Global JCC Leaders: Forming Connections between Jews most Important Challenge
A special survey in preparation for the 9th World Conference of JCCs reveals JCC leaders around the world believe that their main challenge is to strengthen the connection of Jews to the Jewish People and the organized Jewish community.
The survey explored the challenges facing JCCs. More than a a hundred executive directors and senior lay leaders of JCCs from nineteen countries participated. The survey was conducted in preparation for the 9th World Conference of JCCs that will take place in Jerusalem this week, with more than 400 delegates attending, from 23 countries, including North America, Latin America, Europe, Russian speaking countries, Israel, India and the Philippines.
The survey shows that despite the geographical, political and cultural differences, most JCC leaders have a similar view of the challenges that they face. 66% believe that strengthening the connections of Jews to the Jewish People is among the three most important challenges facing the Jewish People. 52% selected connecting Jews to the organized Jewish community. These positive responses, which focus on forming connections between Jews – stands in contrast to the more general and reactive challenges of “anti-Semitism” and “fighting assimilation,” which just 28% and 27% respectively selected as among their top three challenges.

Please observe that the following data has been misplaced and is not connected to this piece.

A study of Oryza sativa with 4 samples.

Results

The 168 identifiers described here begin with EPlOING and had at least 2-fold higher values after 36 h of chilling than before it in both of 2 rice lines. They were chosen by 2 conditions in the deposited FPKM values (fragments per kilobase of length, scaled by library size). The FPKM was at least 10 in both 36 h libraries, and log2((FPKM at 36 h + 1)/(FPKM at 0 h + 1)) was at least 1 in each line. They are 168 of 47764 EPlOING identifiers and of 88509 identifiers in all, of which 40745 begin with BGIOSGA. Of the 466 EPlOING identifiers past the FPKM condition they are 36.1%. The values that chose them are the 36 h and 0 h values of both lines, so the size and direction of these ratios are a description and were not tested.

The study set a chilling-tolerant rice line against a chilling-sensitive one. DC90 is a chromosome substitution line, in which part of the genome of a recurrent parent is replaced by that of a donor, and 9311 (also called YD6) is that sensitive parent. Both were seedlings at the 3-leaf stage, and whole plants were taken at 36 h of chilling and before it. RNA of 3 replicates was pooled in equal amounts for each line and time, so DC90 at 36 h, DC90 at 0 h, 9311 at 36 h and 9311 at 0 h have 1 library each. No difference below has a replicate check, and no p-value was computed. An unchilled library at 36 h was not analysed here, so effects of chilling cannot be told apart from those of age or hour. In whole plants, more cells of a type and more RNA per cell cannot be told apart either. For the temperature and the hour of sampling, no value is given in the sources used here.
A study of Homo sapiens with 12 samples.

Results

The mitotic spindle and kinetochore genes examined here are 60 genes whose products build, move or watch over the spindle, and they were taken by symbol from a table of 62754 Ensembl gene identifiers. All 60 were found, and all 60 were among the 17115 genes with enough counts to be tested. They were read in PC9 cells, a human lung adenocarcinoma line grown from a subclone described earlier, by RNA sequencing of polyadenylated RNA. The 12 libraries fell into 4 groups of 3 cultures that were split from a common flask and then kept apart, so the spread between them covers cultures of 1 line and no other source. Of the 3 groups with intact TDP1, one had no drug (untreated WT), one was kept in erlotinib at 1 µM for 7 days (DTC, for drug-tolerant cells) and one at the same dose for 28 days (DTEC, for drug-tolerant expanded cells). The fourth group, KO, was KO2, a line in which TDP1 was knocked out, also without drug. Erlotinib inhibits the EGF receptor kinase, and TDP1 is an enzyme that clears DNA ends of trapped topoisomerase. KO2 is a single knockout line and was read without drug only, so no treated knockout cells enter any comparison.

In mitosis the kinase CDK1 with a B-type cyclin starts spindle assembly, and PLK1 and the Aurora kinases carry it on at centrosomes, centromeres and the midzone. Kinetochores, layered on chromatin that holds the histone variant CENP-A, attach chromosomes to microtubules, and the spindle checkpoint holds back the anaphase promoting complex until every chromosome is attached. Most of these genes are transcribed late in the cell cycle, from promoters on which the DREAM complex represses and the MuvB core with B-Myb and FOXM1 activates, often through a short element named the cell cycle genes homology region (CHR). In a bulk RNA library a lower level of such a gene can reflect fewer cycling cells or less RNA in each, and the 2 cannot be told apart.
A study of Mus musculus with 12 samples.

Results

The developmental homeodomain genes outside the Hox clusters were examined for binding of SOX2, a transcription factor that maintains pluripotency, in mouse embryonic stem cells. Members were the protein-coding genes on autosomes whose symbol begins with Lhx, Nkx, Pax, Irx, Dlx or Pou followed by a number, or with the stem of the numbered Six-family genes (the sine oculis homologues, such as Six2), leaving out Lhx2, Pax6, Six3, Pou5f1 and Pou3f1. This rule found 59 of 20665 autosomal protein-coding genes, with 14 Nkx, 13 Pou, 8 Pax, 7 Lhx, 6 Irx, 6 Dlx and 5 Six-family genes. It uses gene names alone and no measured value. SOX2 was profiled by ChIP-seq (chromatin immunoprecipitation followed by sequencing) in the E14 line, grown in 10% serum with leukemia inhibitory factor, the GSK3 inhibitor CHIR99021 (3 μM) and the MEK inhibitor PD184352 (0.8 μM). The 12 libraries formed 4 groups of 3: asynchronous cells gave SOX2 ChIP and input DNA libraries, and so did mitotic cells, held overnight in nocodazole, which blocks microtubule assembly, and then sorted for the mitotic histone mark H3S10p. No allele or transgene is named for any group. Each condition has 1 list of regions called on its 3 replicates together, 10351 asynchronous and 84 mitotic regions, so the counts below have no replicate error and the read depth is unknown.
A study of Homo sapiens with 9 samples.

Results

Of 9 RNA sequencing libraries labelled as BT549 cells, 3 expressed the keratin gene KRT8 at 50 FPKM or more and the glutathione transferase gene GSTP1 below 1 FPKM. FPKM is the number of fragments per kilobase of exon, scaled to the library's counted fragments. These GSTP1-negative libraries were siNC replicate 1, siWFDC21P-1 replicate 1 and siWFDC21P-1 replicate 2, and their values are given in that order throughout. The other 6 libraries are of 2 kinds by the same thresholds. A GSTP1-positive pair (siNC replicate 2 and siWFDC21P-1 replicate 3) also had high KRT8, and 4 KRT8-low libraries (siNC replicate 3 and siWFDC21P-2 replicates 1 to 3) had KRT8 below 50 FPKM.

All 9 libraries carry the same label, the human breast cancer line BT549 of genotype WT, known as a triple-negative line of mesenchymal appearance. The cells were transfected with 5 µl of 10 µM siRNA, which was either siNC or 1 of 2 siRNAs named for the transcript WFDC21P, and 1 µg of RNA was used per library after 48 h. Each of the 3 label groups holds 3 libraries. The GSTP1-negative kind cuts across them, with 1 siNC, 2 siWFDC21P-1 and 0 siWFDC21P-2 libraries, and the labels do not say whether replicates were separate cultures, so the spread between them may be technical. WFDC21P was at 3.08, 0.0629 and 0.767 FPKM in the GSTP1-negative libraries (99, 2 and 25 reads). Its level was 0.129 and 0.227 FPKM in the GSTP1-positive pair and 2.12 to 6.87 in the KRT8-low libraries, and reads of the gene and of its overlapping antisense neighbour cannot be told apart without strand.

The question of personal security was also raised in the survey. 71% of respondents feel safe in their countries. Only 21% said they did not feel safe – with a majority of Jews from France and Latin America choosing this answer. 46% felt that the level of security in their community did not change due to recent events in Israel. 35% felt a deterioration while 10% felt an improvement.
When asked what factors contribute to their sense of insecurity, 47% mentioned the rise of anti-Semitism, 27% felt that it was due to the recent terror attacks in Israel, 27% thought that it was because of internal crime in their countries and 24% felt that it had to do with their connection to Israel. Less than 10% correlated their sense of insecurity to the rise of Islam, the economic situation in their countries or the immigration problem in Europe.